The headline of this post refers to the famous experiment on self-control that tested which children could resist eating a marshmallow for five minutes. If they did, they would get a second one, and those who resisted were documented to have long-term benefits. I’ve written about how I’ve used this experiment as a lesson in my classes — see “I Like This Lesson Because It Make Me Have a Longer Temper” (Part One).
I wonder how Arne Duncan and so many other school “reformers” would have done in this test because they so often insist on quick solutions to the challenges facing many schools. They’re searching for the magic bullet, as Larry Cuban writes today in his blog.
This lack of patience has most recently been shown by the demand that principals be replaced within two years if they have not successfully “turned around” a school. Superintendents and School Boards have challenged that kind of a short time-frame.
Also, a study came out today concluding that “When faced with a choice that could yield either short-term satisfaction or longer-term benefits, people with complete information about the options generally go for the quick reward.” It may feel good to the “shaker” to quickly shake things up, but that does not necessarily mean it will result in effective long-term improvement.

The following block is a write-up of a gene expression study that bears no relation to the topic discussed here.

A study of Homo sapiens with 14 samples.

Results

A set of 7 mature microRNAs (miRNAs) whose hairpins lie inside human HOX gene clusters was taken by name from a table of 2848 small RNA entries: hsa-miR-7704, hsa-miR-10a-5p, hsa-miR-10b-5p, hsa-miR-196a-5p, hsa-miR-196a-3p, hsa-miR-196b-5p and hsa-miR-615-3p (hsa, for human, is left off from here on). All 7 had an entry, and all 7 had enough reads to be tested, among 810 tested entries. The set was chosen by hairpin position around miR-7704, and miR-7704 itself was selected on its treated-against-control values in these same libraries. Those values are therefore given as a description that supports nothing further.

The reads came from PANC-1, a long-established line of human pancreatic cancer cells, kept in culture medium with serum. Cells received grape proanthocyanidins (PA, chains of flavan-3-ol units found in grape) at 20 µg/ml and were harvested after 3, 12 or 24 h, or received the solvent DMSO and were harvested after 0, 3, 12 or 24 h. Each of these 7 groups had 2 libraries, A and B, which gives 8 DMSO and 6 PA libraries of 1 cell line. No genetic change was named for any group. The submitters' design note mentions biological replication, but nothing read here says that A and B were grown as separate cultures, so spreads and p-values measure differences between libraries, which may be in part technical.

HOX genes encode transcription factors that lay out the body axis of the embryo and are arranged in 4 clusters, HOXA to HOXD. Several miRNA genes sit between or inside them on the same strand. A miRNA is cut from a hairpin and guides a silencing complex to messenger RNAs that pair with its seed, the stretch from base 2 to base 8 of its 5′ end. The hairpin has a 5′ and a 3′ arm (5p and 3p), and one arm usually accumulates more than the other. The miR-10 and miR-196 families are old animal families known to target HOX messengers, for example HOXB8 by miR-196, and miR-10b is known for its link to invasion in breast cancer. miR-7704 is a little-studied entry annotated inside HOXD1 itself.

Yesterday’s death of Jaime Escalante also brings to mind the numerous miracle teachers who are portrayed in the movies as quickly changing things around in their schools. However, you can read a more accurate story about the length of time it took Mr. Escalante to make those changes happen (thanks to Alice Mercer for the tip).
Yes, sometimes a situation calls for immediate change.
More often than not, however, I’m reminded of my own actions years ago:
My wife would rightly push me to clean-up the small area of dirt between the street and sidewalk in front of our house. I didn’t have the patience to plant grass there. Instead, I bought some wood chips and poured them on top of the dirt. I got immediate satisfaction from seeing how nice it looked.
However, our house was at the end of a road with a slight downward tilt, and had a storm drain in front. Every time a big rain would come, debris would float down the road and block the drain. Water would then flow over the curb and take all the nice wood chips away. The dirt space would remain.
And then I would pour some more chips there.
I knew what would eventually happen, but I liked that immediate gratification more.
I hope that Arne Duncan eventually decides to plant some grass instead of pour wood chips.